This blog is simply the telling of one helpmeet and mother's quest to fulfill her God-ordained destiny. It is written with the hopes that other young women will embrace their calling to be godly wives and mothers; that they will be encouraged to love their husband and children and will find contentment in being keepers at home.

Wednesday, May 9, 2012

The Lost Art of Eloquent Conversation

Dear Genteel Ladies,

Each and every lady wishes to wax eloquent in our conversations with others, do we not?  Here are a few guidelines to help you in your quest to engage in eloquent conversations.

First the definition of converse is:  To engage in a spoken exchange of thoughts, ideas, or feelings; talk

I'm afraid our society has forgotten the "exchange" part of this definition.  Too often our idea of a good time with a friend is the incessant prattle of "me, myself, and mine" for hours on end, without a care given to the thoughts, ideas or feeling of our friend.

I was brought up to believe that each conversation should be a delightful pursuit in drawing out my guest.  It is a game of sorts where it is my duty to become fully enthralled with the habits, thoughts, and ways of another human being.  What values does she hold dear?  What are her interests, pass times, and hobbies? What new ideas can I learn from her?

If both of us have this understanding, we will engage each other, and therefore the conversation will be a give and take of ideas, thoughts and feelings.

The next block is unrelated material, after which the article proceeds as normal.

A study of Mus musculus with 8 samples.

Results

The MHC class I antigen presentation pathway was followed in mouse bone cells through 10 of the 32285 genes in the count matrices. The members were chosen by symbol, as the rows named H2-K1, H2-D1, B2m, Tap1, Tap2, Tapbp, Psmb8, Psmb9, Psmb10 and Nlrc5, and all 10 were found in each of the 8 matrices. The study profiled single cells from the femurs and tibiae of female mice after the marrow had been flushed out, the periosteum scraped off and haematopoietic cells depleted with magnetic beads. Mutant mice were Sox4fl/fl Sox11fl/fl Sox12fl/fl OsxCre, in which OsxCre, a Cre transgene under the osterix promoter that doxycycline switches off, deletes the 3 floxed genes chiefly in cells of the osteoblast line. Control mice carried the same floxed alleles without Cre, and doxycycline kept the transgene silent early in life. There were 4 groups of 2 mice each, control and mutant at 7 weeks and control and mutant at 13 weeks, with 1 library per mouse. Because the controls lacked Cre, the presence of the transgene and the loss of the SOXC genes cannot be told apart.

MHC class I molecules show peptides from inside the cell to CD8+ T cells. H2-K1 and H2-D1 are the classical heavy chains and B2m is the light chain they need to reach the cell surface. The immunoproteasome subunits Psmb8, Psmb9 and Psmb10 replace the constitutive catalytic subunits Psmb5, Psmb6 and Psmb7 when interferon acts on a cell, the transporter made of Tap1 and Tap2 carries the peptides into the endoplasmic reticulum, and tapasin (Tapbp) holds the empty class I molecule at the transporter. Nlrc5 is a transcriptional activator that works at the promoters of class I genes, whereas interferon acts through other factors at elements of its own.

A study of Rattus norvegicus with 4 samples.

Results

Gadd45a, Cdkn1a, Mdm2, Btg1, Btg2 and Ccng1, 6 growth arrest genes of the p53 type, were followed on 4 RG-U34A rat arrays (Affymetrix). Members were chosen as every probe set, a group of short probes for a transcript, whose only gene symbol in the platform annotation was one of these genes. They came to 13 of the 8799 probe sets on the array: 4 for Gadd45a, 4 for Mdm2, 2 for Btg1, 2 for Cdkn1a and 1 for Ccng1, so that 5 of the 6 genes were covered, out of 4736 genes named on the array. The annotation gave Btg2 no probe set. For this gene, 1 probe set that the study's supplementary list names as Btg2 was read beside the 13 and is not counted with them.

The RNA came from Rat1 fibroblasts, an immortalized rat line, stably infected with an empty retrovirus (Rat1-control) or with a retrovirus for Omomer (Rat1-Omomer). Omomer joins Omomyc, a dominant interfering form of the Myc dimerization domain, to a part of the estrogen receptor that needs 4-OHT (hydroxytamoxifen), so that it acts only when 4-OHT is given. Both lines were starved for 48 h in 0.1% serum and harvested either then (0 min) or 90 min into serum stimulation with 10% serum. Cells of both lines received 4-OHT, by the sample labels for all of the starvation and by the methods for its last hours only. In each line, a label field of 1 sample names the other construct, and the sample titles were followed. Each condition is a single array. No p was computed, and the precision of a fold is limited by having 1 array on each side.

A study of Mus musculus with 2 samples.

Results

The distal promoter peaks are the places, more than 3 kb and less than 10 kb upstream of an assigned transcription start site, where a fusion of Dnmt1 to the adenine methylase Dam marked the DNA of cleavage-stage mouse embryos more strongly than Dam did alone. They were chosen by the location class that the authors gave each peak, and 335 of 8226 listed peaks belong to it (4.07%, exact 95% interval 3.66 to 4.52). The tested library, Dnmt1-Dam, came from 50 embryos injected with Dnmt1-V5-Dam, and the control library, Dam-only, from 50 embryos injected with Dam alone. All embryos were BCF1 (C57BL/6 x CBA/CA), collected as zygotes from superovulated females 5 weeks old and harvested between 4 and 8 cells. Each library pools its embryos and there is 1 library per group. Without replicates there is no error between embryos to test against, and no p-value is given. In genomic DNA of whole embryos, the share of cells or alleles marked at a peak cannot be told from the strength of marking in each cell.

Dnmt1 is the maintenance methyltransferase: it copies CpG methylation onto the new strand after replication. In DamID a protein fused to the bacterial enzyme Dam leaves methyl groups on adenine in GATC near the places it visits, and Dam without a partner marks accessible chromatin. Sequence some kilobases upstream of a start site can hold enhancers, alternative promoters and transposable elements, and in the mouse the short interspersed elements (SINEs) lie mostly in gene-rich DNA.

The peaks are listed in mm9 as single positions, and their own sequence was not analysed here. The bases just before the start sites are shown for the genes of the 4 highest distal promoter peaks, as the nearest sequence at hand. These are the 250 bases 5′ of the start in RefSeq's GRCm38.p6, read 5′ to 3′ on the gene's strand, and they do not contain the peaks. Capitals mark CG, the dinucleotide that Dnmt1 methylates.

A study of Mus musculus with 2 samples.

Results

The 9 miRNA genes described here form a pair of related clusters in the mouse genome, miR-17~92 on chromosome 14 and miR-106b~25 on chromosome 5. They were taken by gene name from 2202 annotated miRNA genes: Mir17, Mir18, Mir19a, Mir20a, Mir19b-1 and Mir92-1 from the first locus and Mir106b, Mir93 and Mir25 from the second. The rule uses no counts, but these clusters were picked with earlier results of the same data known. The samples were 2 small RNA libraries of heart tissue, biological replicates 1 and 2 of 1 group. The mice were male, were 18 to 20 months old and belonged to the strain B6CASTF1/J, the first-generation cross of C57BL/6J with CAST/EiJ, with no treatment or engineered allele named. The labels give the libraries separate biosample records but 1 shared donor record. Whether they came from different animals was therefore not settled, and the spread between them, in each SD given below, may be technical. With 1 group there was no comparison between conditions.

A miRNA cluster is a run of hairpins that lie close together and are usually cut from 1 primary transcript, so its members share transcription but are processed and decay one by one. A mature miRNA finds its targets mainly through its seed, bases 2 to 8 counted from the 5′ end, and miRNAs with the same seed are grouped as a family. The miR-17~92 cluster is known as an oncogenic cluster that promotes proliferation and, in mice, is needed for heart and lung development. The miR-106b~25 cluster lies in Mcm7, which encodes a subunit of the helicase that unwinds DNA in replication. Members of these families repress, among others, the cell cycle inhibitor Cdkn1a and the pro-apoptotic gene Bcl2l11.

1.  Make eye contact frequently.
2.  Talk about things you know she is interested in and/or find out her interests.  (If she dislikes computers, but you love them, talking about them would not be a good idea.)
3.  Use the "echo" method to show you are listening, even if you do not agree with her thoughts on a  certain issue.  Sometimes you need more time to think through the idea she is suggesting before expressing an opinion.  This response works well in both cases.  Ex:  She states that she believes the grass is purple.  Instead of laughing at her idea or vehemently disagreeing, you could say, "So you think the grass is purple?  What has led you to this belief?"
4.  Try to find something that you think she does well and sincerely compliment her.
5.  Do NOT monopolize the conversation. 
6.  In areas where you feel yourself to be an expert, show a little humility.  (If you are the expert dishwasher and your friend is a budding novice do not discourage her by giving tons of advice.)  It's OK to give a couple of hints or tricks, but try to encourage her without coming across as a know it all.
7.  Remember the "Golden Rule", If you wouldn't want your friend to say it to or about you, don't say it to or about her.

1 comment:

Anna said...

I like the idea of trying to draw your friend out.

So often our motives are selfish...I think humans are just prone to being that way, but we can be "Victorious through the blood of Jesus Christ."